New Delhi, Feb 8 (IANS) Some digital lending apps on Wednesday issued clarifications as the industry entered a panic mode after the Centre banned nearly 138 gambling apps and 94 loan apps over “Chinese linkage” concerns.
One such platform, mPokket, said that the domain in the list issued by MeiTY — mpokket.en.aptoide.com — is a clear instance of “impersonation” and has no affiliation to mPokket whatsoever.
“Aptoide is a third-party app store with which we have no official or unofficial partnership. We suspect that it may be a proxy app on Aptoide and we are looking into it further. Blocking of such apps protects both the consumers and lenders. We at mPokket continue to bring the best service to our customers without any disruptions,” said the startup.
Some popular loan apps such as PayU’s buy-now-pay-later (BNPL) service LazyPay, Kissht, RupeeRedee and Faircent were also seen as part of a ‘partial’ ban list that was being floated around.
Sunny Mittal, VP-Compliance at RupeeRedee, said they haven’t received any official information from Google or government sources on banning the dubious version of the app.
“Having said that, we have no formal or informal partnership with Aptoide which is a third-party Android app store. We are speculating that it’s a proxy app on Aptoide. Blocking of the Aptoide link is a favourable outcome as for us, as our official website and Google Play Store is the primary source of trusted customer base,” Mittal said in a statement.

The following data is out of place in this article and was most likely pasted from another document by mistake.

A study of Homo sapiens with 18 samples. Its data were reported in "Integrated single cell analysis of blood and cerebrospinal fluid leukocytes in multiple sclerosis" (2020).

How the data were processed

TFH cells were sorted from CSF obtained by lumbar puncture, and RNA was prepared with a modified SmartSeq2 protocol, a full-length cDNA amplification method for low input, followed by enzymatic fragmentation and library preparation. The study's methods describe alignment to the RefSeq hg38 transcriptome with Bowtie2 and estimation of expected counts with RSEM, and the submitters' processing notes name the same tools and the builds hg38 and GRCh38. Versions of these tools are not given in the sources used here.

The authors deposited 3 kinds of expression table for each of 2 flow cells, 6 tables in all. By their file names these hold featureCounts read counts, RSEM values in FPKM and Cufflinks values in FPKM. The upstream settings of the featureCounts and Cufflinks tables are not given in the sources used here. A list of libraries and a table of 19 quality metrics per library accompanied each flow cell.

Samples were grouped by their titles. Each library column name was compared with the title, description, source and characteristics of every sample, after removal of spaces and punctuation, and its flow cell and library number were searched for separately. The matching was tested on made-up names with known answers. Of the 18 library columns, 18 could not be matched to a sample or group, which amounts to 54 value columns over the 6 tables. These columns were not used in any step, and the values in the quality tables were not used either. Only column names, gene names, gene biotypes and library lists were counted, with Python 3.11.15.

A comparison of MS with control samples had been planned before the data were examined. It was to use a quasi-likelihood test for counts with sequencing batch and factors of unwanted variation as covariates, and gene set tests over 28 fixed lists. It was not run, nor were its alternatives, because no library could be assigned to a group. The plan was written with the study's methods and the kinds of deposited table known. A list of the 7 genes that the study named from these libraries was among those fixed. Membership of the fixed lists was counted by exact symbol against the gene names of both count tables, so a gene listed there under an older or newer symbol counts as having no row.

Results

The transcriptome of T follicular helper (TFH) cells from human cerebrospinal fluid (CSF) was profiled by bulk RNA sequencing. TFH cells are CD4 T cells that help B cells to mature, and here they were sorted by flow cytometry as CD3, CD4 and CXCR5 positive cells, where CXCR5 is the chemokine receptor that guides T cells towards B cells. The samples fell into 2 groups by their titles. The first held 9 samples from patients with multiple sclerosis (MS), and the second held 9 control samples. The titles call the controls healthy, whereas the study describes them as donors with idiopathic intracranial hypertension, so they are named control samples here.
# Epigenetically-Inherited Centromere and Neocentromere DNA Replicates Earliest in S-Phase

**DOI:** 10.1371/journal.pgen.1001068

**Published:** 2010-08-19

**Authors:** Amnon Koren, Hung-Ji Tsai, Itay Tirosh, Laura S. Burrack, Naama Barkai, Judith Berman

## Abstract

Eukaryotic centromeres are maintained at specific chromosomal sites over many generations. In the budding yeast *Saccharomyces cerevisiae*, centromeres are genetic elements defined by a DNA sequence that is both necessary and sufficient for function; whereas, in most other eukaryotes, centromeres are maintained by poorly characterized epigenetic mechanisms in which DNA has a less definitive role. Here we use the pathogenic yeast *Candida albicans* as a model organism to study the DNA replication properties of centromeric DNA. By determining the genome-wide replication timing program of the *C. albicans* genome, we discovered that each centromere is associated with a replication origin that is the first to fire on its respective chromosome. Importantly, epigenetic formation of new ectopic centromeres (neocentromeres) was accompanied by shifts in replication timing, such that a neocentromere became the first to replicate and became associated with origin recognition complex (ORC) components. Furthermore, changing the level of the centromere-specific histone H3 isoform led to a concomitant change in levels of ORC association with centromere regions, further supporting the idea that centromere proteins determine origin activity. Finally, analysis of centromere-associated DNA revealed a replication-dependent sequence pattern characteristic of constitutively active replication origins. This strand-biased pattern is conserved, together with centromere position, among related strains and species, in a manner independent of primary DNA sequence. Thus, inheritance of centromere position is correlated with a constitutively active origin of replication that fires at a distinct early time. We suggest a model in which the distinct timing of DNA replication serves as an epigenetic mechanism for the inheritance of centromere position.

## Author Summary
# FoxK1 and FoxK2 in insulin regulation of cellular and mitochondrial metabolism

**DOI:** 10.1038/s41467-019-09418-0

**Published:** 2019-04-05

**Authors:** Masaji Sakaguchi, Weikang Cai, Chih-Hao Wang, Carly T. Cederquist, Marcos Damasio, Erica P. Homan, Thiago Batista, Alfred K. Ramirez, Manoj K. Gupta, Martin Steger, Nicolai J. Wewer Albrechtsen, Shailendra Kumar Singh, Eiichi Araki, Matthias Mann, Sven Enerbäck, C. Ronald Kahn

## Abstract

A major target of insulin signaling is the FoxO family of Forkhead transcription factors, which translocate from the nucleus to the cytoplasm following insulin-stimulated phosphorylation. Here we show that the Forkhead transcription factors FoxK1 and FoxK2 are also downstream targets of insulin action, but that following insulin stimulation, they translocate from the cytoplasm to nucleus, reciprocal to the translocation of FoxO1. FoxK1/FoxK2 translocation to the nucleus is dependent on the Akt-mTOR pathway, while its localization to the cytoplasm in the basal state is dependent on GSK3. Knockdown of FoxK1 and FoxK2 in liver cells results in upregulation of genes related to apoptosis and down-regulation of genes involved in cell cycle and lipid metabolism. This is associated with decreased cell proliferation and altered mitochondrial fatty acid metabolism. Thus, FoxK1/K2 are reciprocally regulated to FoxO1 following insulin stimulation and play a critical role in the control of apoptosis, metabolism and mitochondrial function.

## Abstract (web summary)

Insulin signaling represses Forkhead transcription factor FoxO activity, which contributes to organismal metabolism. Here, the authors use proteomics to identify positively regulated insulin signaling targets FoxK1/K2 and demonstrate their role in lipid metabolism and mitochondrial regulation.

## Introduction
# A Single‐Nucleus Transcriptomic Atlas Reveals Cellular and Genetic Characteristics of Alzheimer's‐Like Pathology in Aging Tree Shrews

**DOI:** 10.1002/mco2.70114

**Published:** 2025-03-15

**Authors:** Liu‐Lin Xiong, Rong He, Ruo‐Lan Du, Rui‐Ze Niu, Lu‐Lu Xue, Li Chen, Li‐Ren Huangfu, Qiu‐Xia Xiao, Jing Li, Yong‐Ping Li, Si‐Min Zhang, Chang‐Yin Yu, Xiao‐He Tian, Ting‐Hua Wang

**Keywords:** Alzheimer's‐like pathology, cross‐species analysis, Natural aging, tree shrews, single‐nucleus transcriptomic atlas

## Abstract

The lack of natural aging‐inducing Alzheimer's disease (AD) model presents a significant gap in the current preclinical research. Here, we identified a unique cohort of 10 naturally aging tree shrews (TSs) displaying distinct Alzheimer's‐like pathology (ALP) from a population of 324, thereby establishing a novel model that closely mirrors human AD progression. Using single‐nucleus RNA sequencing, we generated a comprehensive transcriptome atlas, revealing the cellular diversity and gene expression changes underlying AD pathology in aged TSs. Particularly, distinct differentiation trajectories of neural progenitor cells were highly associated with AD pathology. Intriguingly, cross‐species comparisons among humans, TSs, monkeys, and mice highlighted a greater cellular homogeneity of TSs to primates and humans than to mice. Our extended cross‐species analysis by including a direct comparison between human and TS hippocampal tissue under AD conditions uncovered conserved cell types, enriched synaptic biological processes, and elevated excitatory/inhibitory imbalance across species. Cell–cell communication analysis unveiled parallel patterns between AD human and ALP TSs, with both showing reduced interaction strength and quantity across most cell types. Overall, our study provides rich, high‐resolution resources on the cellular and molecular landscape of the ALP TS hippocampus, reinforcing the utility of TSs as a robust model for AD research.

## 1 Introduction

PayMe India said it is functional on Google PlayStore.
“There is a dubious app on Aptoide, which seems to have been blocked. We have received no communication from Google so far,” it added.
Following complaints against Chinese loan and betting apps, the IT Ministry began the process of banning 138 betting apps and 94 lending apps that had Chinese links, on the instructions of the Union Ministry of Home Affairs (MHA).
The Ministry of Electronics and Information Technology (MeitY) was recently instructed by the MHA to ban such apps, which operate through a third party link.
Sources said that all these apps were found violating Section 69 of the IT Act and contained materials which were deemed as threat to India’s sovereignty and integrity.
As per sources, these apps are used to trap financially strapped people in a debt trap, by increasing their interest on loans by up to 3,000 per cent.
The issue came to the fore after several cases of suicides by borrowers of these apps were reported from Andhra Pradesh and Telangana.